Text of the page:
After the beautiful opening scene of Lyle the Crocodile, I’m holding my breath. Could the rest of the production be as good? An hour and a half later, I answer yes. This is children’s theater at its best.
I understand why Imagination Stage’s Artistic Director Janet Stanford wanted to revisit this show, which they originally produced in 2002. The script by Kevin Kling follows the Bernard Waber picture book story of a crocodile, Lyle, who moves into the Primm family’s Manhattan apartment and wins them over – though he’s not as successful with their nasty neighbor, Mr. Grumps. But this adaptation takes the story to another level thanks to all sorts of extras, including intelligent humor, thought-provoking sub-plots, and delightfully clever stage direction by Kathryn Chase Bryer.
It’s fun to see the adult audience laughing. How could we not? Take a preposterous premise and add word play, alliterative sequences, and good old-fashioned jokes with perfect delivery and you’ll make even the likes of Mr. Grumps laugh. And for little ones too young to get the more sophisticated humor, there is enough slapstick to keep them laughing, too.
The cast, without exception, gives an excellent performance. The story is narrated by Hector P. Valenti (Karl Kippola), Lyle’s former owner and friend. Kippola is an enigmatic actor who is also an accomplished dancer and singer. Mr. and Mrs. Primm (James J. Johnson and Misty Demory respectively) are strong too, working perfectly together as the parents of Lyle’s young friend Joshua Primm (Sean Silvia).
Also worth mentioning are Joe Brack and Linden Tailor who are as synchronized as any long time comedy duo. And despite changing roles throughout the show (first they’re moving men, then fire fighters, then police offers, then crocodiles,) they maintain a thematic banter (“You’re the jerk!” “No, you’re the jerk!”) suggesting a contentious and complicated partnership.
Kudos to Matthew McGloin as Lyle. It’s no mean feat to convincingly portray a lead character (particularly a crocodile!) without saying one word. McGloin, with his facial expressions, impressive gymnastics, and graceful dance moves, makes us love Lyle as much as the Primms do.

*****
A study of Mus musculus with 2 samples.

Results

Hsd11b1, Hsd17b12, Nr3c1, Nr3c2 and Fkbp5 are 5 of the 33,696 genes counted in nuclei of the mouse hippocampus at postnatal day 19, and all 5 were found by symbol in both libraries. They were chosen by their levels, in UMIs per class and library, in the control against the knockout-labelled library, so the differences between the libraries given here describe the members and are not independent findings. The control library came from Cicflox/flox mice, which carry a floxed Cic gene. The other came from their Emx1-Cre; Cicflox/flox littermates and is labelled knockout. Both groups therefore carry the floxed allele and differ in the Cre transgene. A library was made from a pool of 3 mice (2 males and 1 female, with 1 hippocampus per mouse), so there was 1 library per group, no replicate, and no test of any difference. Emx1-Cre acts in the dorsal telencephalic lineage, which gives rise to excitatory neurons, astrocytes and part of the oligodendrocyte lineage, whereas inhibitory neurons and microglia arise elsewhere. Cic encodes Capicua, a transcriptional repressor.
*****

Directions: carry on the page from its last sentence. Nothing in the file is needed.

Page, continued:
Conveying a strong sense of time and place, the sets (Jeremy W. Foil) are stunning. They give the impression of a book which transforms from a flat cityscape to a pop-up-like three dimensional view inside the Primms’ colorful apartment. Complementing the sets are costumes (Deb Sivigny) reminiscent of styles many of our parents and grandparents wore.
The choreographed numbers (Michael J. Bobbitt) and accompanying music (Christopher Youstra) are so thoroughly enjoyable I’m sure I’m not alone in wishing they went on longer. The choreography was fresh and lively, and handily executed by this group of seasoned actors.
Having cast members interact with the audience can be hard to pull off, but it works well here where the performers’ energy fills the whole theater. The kids loved knowing and telling the actors on stage where Lyle was, and were thrilled to scream out their answer when asked, “Should I give him one more chance?”
Lyle the Crocodile is a story of tolerance and appreciating differences – being liked “for what you are.” But the message as conveyed is subtle, not heavy-handed. Rarely is a children’s theater production equally entertaining for adults and kids. Everyone should see it.
Note: Bring an extra sweater as the theater gets very cold.
Lyle the Crocodile
based on the books by Bernard Waber . adapted for the stage by Kevin Kling
directed by Kathryn Chase Bryer
produced by Imagination Stage
reviewed by Miriam Chernick
For Details, Directions, and Tickets, click here.